The election is over and Barack Obama has won a second term. Although many people may have been hedging their bets, waiting on the outcome of the election, the Affordable Care Act is here to stay. What does this mean for Medicare, healthcare institutions, healthcare workers and the general public? As nurses, we care for our patients regardless of insurance status, but we all know that insurance is a major issue for many of our patients. Keeping in mind that some of the key features won’t be implemented until 2014, here are some of the highlights of the Act and how they will affect individuals and corporate entities:
Health insurance: At the present time, no one is required to have health insurance, but by 2014 this will change. Most individuals will be required to have health insurance or face a fine of up to 1% of their income (or $95 per year, whichever is greater). By 2016 the fine will rise to 2.5% of income or $695, whichever is greater. For families, the penalty for not having insurance will be 2.5% of the combined household income. However, these requirements could be waived when financial hardship is an issue. Some states have passed laws to block the necessity of carrying health insurance; however, federal law supersedes state law. Many more people are expected to be eligible for Medicaid or will be able to access federal subsidies to buy health insurance.
Current health insurance plans: For those individuals who already have insurance through their current employer, it is possible that nothing will change. However, employers may change premiums, network coverage, co-pay amounts and deductibles, just as they could before the Affordable Care Act. Some of the effects of the Affordable Care Act have already been enacted; for example, lifetime coverage limits have now been banned, and adult children (up to the age of 26) who don’t have health insurance through work can stay on their parent’s plan.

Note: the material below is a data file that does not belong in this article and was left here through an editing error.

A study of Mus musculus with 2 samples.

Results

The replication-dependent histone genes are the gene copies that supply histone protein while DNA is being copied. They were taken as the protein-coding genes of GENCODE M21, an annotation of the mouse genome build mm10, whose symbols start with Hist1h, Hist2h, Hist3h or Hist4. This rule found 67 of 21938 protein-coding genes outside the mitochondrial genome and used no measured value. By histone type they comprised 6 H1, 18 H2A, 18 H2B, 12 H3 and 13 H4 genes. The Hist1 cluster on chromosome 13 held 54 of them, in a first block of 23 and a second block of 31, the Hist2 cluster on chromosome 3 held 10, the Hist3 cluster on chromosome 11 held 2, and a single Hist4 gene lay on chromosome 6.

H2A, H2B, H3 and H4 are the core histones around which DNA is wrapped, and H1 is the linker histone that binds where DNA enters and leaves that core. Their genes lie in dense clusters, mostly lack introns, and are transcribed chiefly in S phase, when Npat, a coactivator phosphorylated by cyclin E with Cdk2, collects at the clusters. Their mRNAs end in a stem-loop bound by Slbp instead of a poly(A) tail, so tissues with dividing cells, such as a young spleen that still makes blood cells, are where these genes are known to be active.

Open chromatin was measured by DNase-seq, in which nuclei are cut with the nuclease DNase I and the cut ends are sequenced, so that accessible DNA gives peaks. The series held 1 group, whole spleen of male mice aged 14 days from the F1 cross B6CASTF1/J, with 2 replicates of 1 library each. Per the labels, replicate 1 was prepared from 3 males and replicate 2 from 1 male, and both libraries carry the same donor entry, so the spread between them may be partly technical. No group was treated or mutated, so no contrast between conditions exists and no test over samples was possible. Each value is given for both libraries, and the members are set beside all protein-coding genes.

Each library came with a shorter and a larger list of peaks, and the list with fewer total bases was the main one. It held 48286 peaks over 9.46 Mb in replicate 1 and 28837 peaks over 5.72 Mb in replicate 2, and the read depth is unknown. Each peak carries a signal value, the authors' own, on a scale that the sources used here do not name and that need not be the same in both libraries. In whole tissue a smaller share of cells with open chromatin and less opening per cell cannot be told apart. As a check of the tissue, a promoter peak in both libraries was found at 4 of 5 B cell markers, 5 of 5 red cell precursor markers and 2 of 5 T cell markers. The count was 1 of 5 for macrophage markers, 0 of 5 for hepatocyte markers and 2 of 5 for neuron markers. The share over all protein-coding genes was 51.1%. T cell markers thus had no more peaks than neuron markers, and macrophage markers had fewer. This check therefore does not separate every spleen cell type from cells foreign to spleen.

Medicaid: For people who want health insurance but can’t afford it, starting in 2014 the federal government is offering to expand the Medicaid program so that individuals and families who earn incomes at or lower than 133% of the federal poverty level will be eligible for this benefit. This is not yet a hard-and-fast law — the governors of several states, such as Alabama, have stated that they will refuse the expansion of Medicaid and the Supreme Court has ruled that states cannot be mandated into making this change to Medicaid. For people who earn too much money for Medicaid but still can’t afford health insurance, government subsidies will be put in place to allow them to purchase insurance from state-based exchanges, which will sell insurance to small businesses and individuals.
Seniors: Changes to the Medicare Part D prescription plan will mean that seniors will only be required to pay for 25% of their prescription costs, without a certain initial cost to be paid first before coverage begins. Preventive services will be expanded and seniors will be allowed a free annual wellness visit.
– No out-of-pocket costs for certain screening tests (i.e., mammography, cholesterol tests)
– Coverage cannot be cancelled if you become ill (known as rescission)
– Coverage for pre-existing conditions cannot be refused (for children this is already the case, for adults will be enacted by 2014)
– Rebates to be provided to customers if they spend less than 80-85% of premium dollars on medical care
Like it or hate it, agree or disagree, the Affordable Care Act is here to stay. Although there is apt to be some confusion over the next two years, as well as some contention as the last kinks in the plan get worked out between Democrats and Republicans, the end result will be that most people will have health insurance by 2014.